Ever since last year’s US Open, Agnieszka Radwanska has been one of the strongest and most consistent players on the WTA Tour. And while she spent a good chunk of the year at number two in the rankings, and is still ranked third, she is still looking for a breakout at a major. Will this be the year she finally breaks through at Wimbledon?
Notable Results to Date
After a red-hot finish to 2015, Radwanska kept the momentum going into 2016 by opening up her season with a title in Shenzhen without dropping a set. She followed that up with a strong run to the semifinals of the Australian Open. The Pole would reach at least the semifinals of her first four events, losing two of her three matches in that span to Serena Williams.
The streak was broken when she lost in the round of 16 of Miami, but she bounced back to reach the semifinals in Stuttgart. She would stumble through the clay court season after Stuttgart, falling in the first round of Madrid, skipping Rome and losing a controversial fourth-round match at the French Open.
Best Grass Results Leading into Wimbledon
Radwanska has not had a great start to her grass court season. She kicked off her season on the grass in Birmingham but ran into the red-hot Coco Vandeweghe in the first round. The big-hitting American was coming off a title in s-Hertogenbosch the week before and carried her momentum across the channel, ousting the Pole in three sets in the first round. She fared mildly better in Eastbourne, winning her first two matches before falling in three sets to Dominika Cibulkova in the quarterfinals.
Best Results at Wimbledon
Wimbledon has been Radwanska’s most consistent major throughout her career, as she has only failed to reach the fourth round twice in ten appearances. It’s the major where she has the most match wins and it’s the only major where she has reached the final. She started out by reaching back-to-back quarterfinals in 2008 and 2009. After a pair of disappointments in the following two years, Radwanska returned to the All-England Club in 2012 ready to mount a serious challenge.
Seeded third, the Pole raced through the first four rounds without dropping more than three games in a set. She benefitted from not having to face a seeded player until the quarterfinals, but when she did, she was up to the task. The quarterfinals saw her do battle with 17th seed Maria Kirilenko. The Russian gave the third seed everything she could handle but Radwanska still found a win to win in three tight sets.
Radwanska would bounce back well, topping future Grand Slam champion Angelique Kerber in the semifinals in straight sets to set a date with Serena Williams in her first, and to date only, career major final. Considering she was going up against arguably the greatest women’s tennis player of all time, the Pole put up a phenomenal fight, stealing the second set to force the American legend to a deciding set before eventually falling 6-2 in the third set. Not only was this Radwanska’s best run at Wimbledon, but her best run at a major to date.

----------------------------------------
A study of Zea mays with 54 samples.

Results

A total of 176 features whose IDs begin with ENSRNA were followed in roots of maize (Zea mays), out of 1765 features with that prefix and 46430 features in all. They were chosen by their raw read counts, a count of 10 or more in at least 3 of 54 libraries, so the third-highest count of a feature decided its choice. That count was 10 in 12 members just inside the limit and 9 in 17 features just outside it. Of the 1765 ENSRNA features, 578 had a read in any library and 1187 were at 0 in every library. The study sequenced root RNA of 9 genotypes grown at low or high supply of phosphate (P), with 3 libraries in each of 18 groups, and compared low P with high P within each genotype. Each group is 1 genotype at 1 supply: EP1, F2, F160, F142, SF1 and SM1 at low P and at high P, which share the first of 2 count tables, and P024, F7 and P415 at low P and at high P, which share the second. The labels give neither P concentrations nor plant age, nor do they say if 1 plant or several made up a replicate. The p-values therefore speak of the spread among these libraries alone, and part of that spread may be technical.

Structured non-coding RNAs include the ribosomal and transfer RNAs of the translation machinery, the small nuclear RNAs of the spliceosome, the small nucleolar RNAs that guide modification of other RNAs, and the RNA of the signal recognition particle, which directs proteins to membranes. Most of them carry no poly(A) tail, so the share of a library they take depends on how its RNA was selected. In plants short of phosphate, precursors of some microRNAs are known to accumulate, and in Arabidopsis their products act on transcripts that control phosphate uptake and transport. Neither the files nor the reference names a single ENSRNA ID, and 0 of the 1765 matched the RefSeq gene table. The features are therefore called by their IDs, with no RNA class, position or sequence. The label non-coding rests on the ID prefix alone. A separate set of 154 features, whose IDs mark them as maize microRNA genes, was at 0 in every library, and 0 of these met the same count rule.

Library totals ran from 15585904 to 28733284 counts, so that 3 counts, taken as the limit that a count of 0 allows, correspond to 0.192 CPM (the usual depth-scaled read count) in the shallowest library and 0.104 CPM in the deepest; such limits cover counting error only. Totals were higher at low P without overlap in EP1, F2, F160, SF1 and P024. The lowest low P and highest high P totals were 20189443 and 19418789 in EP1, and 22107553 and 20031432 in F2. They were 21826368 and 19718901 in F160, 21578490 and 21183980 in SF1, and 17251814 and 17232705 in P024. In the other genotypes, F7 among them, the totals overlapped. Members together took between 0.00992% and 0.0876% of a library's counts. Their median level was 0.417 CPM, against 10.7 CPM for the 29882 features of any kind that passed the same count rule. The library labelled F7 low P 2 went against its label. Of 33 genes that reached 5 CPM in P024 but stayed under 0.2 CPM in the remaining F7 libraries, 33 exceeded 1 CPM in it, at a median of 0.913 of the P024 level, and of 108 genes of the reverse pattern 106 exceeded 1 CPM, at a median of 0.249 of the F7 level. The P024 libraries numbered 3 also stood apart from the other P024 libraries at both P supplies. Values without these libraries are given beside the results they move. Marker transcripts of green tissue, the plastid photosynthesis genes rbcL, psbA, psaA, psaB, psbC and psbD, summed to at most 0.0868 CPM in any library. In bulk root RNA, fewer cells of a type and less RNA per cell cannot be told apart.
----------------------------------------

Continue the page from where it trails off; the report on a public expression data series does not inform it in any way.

In the three appearances since her run to the 2012 final, she has reached the semifinals twice. The closest she came was in 2013 when she was the only top-ten player to reach the semifinals, but she lost 9-7 in the third set to eventual runner-up Sabine Lisicki. After a fourth-round upset in 2014, she again reached the last four in 2015, falling in three sets to Garbine Muguruza.
How Radwanska’s Game Translates to Grass
Theoretically, Radwanska’s game should not work on grass. And yet it does. Counterpunchers historically have not succeeded on grass but the Pole has proved to be the exception. She’s made the defensive, crafty style work on a surface that generally rewards power and aggression.
Radwanska covers the court perhaps better than anyone on the tour and has some of the most consistent groundstrokes out there. Where she excels, and she does this particularly well on grass where players have very little time to begin with, is in taking players time away. She takes players’ power and sends it right back at them, giving them very little time to hit a good shot. Against Radwanska, while she does not hit a ball hard, players are very rarely in a position to hit the shot they want. Her opponents are under constant pressure, and the harder they fight back the harder it gets for them.
The downside is that the slick grass makes it easier for opponents to overpower the Pole. If you look at who beat her in her three deep runs at the All-England, it was three opponents who hit the ball extremely hard. When Radwanska reaches a shot and hits it the way she wants to, she can do a lot of damage with it. But against an opponent who hits the ball extremely well, like Williams or Muguruza, she rarely has the time to set up shots that can outmanoeuvre an opponent.
Radwanska is seeded third at this year’s championships. Last time she was seeded this high at Wimbledon, she reached the final.